Growing a practice: reputation vs. relationships

A young accountant recently asked how she should prioritize her limited marketing time: should she meet more potential clients at lunches, cocktail parties and golf tournaments, or should she build a reputation among existing clients for her niche services and expertise?

I advised her to do the latter. Here’s why:

Clients expect you to be courteous, likeable and conversant. But they hire you for results.

Prospects will ask about the results you produce immediately after they learn about you. While the quality of your relationships and whom you are associated with speak to your influence and character, the results you produce are what people pay for.



1. A good reputation commands higher fees. Whether you’re known for effective negotiation skills or completing a financial statement for a client to review before she goes on vacation, the outcome is valuable. And worth paying for.

When clients are skeptical about your work – either because you haven’t clarified the implications of what you’ve done or how you’ve done it, they have difficulty rationalizing your invoice.

2. A good reputation is respected. “Oh, you should talk to her. She recently helped my boss through a situation just like this. And she knows what she’s doing.” We will never stop needing to be liked and to have trusting relationships, but the esteem that comes from being recognized for quality work begets respect.

When people respect your work, they will refer others who are apt to respect you as well.  And those referrals will be interested in results rather than discounts based on a personal relationship.

Full rates + respect = higher realization. Professionals with good reputations spend less time worrying about price negotiations. A quote from accomplished horse trainer and novelist Jenny Pitman sums up the theory: “I’d rather be respected than liked, because I have to earn respect.”

3. A good reputation reflects your entire firm. This is especially important for junior practitioners who may not be able to speak for the results of their individual work, or who work as part of a team. Your reputation permeates throughout the firm; clients rely on it to be consistent, associating it with the organization, not just the individuals whom the clients talk to.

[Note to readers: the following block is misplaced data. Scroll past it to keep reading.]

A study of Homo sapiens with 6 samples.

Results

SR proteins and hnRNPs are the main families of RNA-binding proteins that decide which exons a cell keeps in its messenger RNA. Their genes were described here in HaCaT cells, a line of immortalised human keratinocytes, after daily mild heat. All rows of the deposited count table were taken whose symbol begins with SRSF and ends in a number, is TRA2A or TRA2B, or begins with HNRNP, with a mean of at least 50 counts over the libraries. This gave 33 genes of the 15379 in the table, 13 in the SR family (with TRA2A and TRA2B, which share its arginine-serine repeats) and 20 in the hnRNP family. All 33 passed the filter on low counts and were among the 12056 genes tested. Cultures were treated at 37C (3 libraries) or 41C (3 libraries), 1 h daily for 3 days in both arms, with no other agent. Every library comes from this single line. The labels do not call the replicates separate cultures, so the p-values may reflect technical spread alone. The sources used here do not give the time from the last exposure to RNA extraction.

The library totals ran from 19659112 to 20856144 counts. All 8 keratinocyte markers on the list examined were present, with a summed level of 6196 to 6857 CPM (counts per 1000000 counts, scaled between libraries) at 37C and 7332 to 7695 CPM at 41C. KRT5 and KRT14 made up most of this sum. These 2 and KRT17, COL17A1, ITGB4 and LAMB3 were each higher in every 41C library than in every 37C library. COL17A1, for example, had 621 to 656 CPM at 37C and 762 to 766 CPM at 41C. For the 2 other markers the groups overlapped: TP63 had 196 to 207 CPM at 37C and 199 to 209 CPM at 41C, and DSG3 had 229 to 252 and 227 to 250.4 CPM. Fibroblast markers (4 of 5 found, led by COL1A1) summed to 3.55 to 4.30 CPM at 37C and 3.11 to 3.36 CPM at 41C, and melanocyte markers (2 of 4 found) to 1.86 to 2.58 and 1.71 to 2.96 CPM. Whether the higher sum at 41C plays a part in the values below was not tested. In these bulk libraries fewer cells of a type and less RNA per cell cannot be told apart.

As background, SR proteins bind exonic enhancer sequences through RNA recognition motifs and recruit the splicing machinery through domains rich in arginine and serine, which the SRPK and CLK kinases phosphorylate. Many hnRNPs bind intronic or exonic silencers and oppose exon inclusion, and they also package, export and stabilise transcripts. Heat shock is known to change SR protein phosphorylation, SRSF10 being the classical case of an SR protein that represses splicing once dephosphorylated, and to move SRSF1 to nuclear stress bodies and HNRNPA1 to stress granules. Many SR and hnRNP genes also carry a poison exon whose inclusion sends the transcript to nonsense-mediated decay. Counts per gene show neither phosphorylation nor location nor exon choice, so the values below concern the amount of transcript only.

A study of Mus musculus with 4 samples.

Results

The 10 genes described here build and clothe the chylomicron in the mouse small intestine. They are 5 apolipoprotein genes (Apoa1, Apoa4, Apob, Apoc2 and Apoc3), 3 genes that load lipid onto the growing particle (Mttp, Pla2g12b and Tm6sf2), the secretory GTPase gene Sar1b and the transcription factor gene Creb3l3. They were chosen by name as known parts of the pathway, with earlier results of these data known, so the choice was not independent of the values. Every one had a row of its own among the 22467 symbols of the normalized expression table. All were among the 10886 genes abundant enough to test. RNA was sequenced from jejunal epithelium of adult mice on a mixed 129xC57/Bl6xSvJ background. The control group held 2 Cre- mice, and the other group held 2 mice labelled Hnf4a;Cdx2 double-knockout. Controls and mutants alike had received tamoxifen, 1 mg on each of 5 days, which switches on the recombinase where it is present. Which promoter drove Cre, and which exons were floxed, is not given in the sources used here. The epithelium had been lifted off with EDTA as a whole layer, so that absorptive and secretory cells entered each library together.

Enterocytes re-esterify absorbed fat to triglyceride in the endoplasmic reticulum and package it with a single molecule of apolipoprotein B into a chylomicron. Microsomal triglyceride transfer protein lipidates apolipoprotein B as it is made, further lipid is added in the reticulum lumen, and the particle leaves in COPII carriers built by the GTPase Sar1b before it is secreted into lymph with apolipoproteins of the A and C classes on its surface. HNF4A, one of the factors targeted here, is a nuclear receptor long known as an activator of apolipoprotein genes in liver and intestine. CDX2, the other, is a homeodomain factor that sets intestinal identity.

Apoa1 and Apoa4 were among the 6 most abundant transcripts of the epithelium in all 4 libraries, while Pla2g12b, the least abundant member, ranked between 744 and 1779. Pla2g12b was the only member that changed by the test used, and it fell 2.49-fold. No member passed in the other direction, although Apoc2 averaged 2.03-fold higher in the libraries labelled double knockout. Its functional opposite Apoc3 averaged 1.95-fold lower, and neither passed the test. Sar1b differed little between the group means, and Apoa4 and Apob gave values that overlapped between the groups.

In a recent survey of 800 clients, a reputation for results was rated three time more influential than relationships when deciding which firm or individual to assign a file or matter to.

 Source: Hinge Market Research, 2013, Reston, VA 

4. A good reputation offers accountability. Applying for a business loan to fund expansion of your practice? A solid reputation enables easier access to capital at lower rates. Banks and investors need to know that your clients pay the fees you command and that in turn, you operate your practice with good judgment to secure its longevity. If you default on a payment, your bank won’t care how many times you’ve taken the loans officer out for lunch.

The sooner you develop a reputation for specialized skills or a consistent service style, the sooner you’ll be able to command higher fees. Your practice will become more valuable. You’ll also have more satisfying client relationships, because your reputation will partially establish expectations before people make an initial inquiry. Some of the most reputable practices and professionals I know have done this with determination – and reaped measurable benefits along the way.